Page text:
Funding proposals for Crawford County Sheriff’s Office will be on November ballot
Dan Sanderson | Staff Writer
The Crawford County Sheriff’s Office will have a millage renewal plus an additional millage to fund the 24-hour road patrol on the Tuesday, Nov. 6, general election ballot.
The Crawford County Board of Commissioners, at its regular monthly meeting on July 26, agreed to put the two millage proposals on the ballot.
The 0.8917 mill renewal, which is equal to $0.8917 per $1,000 of taxable value, would be levied for a period of four years, 2020 through 2023. The purpose of the millage is to pay for police protection services provided through the Crawford County Sheriff’s Office, including 24-hour road patrol, and sheriff’s office staffing and equipment.
County officials opted to put the millage, which expires in 2019, on the ballot this year, so they would not have to fund the cost for a special election next year. Crawford County Treasurer Joe Wakeley said there are no elections scheduled in 2019, and funding a special election would cost the county thousands of dollars.
Initially approved at one mill in 2004, the amount the millage generates has been reduced by the Headlee Amendment, a state law which requires municipalities to reduce millages each year to account for the rate of inflation.
“You don’t think that’s much, but it equates to several thousand dollars, and you add to that over the last 14 years, the cost of doing business has increased,” said Crawford County Sheriff Kirk A. Wakefield.
The Sheriff’s Office was forced to cease its 24-hour road patrol in 1998 due to county budget woes before turning to voters to restore services.
The millage was renewed by voters in 2008, 2010, and 2014.
When first approved, the millage paid to place a sheriff’s deputy on the Strike Team Investigative Narcotics Group (STING).
In 2012, the deputy devoted to STING from Crawford County was cut due to the drop in millage funding and the elimination of grants to fund the multi-county drug enforcement team operated by the Michigan State Police.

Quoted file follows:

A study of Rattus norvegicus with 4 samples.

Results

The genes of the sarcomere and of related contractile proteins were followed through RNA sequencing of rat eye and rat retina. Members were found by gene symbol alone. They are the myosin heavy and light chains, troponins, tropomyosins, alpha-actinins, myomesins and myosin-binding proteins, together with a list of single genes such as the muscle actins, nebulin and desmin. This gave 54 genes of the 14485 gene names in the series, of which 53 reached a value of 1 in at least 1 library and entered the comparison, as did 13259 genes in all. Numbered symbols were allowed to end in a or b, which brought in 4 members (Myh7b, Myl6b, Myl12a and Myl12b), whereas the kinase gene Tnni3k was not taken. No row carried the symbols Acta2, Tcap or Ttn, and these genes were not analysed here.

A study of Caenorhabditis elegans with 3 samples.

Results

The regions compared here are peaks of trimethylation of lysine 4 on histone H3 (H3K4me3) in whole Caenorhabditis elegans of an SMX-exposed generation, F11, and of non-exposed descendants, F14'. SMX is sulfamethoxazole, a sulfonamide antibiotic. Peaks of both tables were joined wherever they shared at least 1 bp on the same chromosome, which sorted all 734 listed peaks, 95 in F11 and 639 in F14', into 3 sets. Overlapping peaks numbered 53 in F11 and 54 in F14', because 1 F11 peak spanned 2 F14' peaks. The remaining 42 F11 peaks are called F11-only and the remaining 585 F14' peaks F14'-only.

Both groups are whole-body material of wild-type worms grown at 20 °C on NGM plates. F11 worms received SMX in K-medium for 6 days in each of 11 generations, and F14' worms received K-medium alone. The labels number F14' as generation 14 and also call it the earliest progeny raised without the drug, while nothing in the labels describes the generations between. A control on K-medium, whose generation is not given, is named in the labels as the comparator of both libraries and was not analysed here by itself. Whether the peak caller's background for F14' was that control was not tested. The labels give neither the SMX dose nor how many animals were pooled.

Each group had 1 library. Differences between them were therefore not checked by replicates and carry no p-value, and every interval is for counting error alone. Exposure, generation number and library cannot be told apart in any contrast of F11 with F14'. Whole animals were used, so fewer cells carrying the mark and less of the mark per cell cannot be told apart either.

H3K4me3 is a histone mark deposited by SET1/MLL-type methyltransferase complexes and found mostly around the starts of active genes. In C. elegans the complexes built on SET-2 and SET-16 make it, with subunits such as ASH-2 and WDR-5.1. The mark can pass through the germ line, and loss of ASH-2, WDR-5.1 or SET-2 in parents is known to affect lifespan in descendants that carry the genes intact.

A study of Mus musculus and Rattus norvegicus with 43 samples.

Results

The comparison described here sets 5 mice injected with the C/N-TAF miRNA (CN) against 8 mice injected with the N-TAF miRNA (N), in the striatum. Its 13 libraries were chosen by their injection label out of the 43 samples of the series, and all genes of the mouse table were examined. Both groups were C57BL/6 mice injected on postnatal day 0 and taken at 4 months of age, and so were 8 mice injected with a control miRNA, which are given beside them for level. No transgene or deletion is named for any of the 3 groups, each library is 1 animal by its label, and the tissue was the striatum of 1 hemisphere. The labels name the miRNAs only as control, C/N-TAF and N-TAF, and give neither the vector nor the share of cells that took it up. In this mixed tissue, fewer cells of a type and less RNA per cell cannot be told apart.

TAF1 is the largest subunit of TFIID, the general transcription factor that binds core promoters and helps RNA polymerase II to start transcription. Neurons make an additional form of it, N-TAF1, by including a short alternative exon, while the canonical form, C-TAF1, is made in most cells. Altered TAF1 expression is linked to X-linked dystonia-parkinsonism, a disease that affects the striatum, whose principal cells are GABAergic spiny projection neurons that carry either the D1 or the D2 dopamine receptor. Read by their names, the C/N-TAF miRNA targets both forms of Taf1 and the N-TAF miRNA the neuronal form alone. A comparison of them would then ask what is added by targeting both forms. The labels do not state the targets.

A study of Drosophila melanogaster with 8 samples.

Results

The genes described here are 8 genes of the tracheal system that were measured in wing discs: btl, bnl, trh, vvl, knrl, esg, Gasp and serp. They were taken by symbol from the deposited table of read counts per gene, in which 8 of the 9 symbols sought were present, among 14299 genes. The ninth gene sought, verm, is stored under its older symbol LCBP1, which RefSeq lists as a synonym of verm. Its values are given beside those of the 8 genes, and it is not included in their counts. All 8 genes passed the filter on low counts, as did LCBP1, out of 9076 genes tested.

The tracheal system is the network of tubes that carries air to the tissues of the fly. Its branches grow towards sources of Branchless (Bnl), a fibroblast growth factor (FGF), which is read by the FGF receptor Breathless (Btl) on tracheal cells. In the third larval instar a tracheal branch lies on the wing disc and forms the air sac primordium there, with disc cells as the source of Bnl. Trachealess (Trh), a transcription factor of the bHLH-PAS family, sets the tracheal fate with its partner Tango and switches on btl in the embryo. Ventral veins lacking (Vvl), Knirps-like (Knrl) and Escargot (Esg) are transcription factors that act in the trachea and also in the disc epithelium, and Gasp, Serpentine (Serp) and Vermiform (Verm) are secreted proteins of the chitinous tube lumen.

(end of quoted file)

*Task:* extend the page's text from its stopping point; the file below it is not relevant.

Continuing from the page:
“Over these years, with things shrinking, I had to abandon that STING officer to keep the midnight patrol, and to keep a guy in the schools,” Wakefield said.
The cost of patrol vehicles and equipment has also gone up over the years.
“Things only last so long, and you have to replace them,” Wakefield said.
Therefore, the sheriff’s office is also seeking an added 0.1083 mills, which is equal to $0.1083 per $1,000 of taxable value, for a period of six years, 2018 through 2023.
“It’s tough, but to able to maintain what I have right now, this is what I need to do,” Wakefield said. “I hate going to the people. I don’t like paying taxes any more than anybody else does, but the reality of it is, in order for me to keep moving forward with what I have now, I need this millage renewal and I need a little bit of an increase.”
The Crawford County Sheriff’s Office employs 20 people, which includes the corrections officers who staff the jail. There are currently nine road patrol officers, rather than 10 who are normally on duty. Two deputies recently left to go to work for other departments, who were replaced. One deputy went on permanent medical leave.
Wakefield is trying to bring on another road patrol deputy when the county’s fiscal year begins on Oct. 1.
“I’m hoping to,” Wakefield said. “I’m just waiting to see how my budget works out.”
Instead of having steady complaints and traffic issues in the summer, sheriff’s deputies face ongoing complaints due to more people coming to the area and traveling through the county.
“Right now, we’re running from call to call,” Wakefield said. “It used to be a seasonal thing. Now, it’s steady all year round.”
When the millage requests expire in 2023, they will be rolled into one funding proposal to fund services going forward.
“It means a lot to me, because that will keep me going. I don’t like doing this, but I have to,” Wakefield said. “That’s the only way I can maintain proper protection for the people. That’s what it’s all about is service to the people.”